Red teas may be scarce as rooibos suffers from drought
Rooibos tea, shown in this April 16, 2007 photo, is produced in South Africa and has grown in popularity around the world. (AP Photo/Larry Crowe)
Lynsey Chutel, The Associated Press
Published Thursday, November 19, 2015 7:09AM EST
Last Updated Thursday, November 19, 2015 10:17AM EST
JOHANNESBURG -- From frothy red lattes to rust-colored teas, popular rooibos drinks will likely become scarcer and more expensive because of a widespread drought in South Africa, including in scrubland where the rooibos plant normally flourishes.
A devastated rooibos harvest may lead to a 90 per cent price increase, a trade council said on Thursday. The United States is one of the biggest importers of rooibos tea.
There was little rainfall during the July and August planting months which could cause the worst harvest in years, the South African Rooibos Council said in a statement.
Farmers will only know the extent of their losses in the first half of 2016 when the volume of the final harvest is known, said council spokesman Ernest du Toit. Last year's rooibos harvest yielded 11,000 metric tons.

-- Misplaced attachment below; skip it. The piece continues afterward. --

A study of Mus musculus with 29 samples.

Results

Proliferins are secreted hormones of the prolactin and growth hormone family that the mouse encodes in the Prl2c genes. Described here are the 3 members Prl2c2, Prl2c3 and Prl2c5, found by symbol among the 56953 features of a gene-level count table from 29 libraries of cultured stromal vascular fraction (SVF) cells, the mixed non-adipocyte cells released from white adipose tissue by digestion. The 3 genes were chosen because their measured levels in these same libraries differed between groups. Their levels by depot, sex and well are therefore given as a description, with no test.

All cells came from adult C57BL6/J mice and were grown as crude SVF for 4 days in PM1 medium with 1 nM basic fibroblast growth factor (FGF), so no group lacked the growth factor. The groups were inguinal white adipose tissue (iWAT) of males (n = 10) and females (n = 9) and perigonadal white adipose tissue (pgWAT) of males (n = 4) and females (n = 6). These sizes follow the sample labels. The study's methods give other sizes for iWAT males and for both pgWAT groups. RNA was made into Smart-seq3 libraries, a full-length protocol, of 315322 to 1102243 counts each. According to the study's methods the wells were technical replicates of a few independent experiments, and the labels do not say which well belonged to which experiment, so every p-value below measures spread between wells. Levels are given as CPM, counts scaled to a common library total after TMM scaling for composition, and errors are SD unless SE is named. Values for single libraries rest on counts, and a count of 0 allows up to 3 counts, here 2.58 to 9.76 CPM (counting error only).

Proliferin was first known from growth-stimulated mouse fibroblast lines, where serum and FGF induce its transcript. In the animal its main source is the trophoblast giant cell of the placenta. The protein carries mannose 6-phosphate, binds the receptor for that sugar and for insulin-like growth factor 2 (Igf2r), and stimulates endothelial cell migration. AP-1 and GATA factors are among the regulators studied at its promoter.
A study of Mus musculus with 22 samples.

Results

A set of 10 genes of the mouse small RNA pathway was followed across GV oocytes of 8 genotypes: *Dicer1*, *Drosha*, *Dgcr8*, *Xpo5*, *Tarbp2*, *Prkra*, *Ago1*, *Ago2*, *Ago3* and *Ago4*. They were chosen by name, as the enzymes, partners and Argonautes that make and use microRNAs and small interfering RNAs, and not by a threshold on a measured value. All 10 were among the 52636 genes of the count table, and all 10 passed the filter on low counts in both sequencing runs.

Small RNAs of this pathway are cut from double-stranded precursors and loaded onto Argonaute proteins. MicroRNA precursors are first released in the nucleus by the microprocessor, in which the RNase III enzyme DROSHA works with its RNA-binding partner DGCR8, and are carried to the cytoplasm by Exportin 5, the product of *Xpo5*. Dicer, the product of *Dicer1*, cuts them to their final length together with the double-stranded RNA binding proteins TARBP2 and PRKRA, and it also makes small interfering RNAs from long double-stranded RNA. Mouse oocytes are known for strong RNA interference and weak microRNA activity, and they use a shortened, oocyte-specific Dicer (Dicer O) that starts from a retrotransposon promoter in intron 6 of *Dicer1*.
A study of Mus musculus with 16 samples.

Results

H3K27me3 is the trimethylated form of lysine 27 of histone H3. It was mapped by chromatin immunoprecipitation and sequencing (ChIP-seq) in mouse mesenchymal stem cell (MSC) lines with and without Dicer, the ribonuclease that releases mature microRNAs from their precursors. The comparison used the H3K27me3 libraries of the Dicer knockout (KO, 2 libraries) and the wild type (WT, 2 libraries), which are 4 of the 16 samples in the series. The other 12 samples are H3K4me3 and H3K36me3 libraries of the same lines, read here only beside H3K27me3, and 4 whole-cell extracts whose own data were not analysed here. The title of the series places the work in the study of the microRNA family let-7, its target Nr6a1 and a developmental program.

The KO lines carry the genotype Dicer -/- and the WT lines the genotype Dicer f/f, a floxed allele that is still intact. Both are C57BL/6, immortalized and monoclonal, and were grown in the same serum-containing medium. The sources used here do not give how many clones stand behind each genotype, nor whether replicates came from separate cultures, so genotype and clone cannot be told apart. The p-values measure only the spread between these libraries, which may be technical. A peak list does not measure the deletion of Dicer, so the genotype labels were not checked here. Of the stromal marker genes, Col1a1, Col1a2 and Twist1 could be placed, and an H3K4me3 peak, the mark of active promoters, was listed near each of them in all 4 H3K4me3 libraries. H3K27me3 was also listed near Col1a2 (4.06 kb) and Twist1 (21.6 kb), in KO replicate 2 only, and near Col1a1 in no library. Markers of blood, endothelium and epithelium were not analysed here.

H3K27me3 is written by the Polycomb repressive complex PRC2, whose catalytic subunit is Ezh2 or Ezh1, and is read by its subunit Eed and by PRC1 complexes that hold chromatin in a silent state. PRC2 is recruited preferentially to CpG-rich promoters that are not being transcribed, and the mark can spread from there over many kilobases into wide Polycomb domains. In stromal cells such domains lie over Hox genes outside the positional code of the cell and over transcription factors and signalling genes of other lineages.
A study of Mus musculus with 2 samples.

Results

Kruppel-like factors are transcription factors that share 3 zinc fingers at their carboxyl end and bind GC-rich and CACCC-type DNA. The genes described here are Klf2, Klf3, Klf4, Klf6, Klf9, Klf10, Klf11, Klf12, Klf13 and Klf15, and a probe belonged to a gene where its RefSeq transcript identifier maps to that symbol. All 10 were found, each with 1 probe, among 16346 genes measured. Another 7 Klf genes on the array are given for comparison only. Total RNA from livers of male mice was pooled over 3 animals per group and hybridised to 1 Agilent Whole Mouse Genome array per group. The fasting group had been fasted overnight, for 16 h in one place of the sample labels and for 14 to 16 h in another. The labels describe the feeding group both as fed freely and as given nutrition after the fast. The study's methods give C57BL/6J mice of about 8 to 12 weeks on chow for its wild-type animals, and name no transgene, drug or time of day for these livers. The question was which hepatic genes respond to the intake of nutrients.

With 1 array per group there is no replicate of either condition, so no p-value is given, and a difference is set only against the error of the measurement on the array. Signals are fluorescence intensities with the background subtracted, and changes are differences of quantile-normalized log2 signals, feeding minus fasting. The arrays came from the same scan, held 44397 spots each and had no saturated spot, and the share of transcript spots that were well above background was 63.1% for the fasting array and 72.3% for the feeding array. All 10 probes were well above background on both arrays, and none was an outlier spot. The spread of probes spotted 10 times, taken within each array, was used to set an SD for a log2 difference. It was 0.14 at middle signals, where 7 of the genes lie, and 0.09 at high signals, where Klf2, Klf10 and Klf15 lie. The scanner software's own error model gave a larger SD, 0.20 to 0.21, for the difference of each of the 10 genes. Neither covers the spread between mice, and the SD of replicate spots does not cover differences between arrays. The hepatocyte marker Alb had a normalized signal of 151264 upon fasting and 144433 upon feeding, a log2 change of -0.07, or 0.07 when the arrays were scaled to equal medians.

"Although difficult to evaluate the true impact of the drought at this stage, we expect it to be significant," du Toit said in the statement. "As things stand, there will not be enough volume to service both the local and export demand."
South Africa exports more than half of its annual rooibos harvest to more than 30 countries, with Germany, Japan, the Netherlands, the United Kingdom and the United States making up its biggest markets, according to the council's website. The rooibos industry, which also produces skincare and household products, earns an estimated 500 million rand, or $35 million.
South Africa is the only region where the rooibos plant grows naturally, found in the mountainous regions in the country's Western Cape and Northern Cape provinces.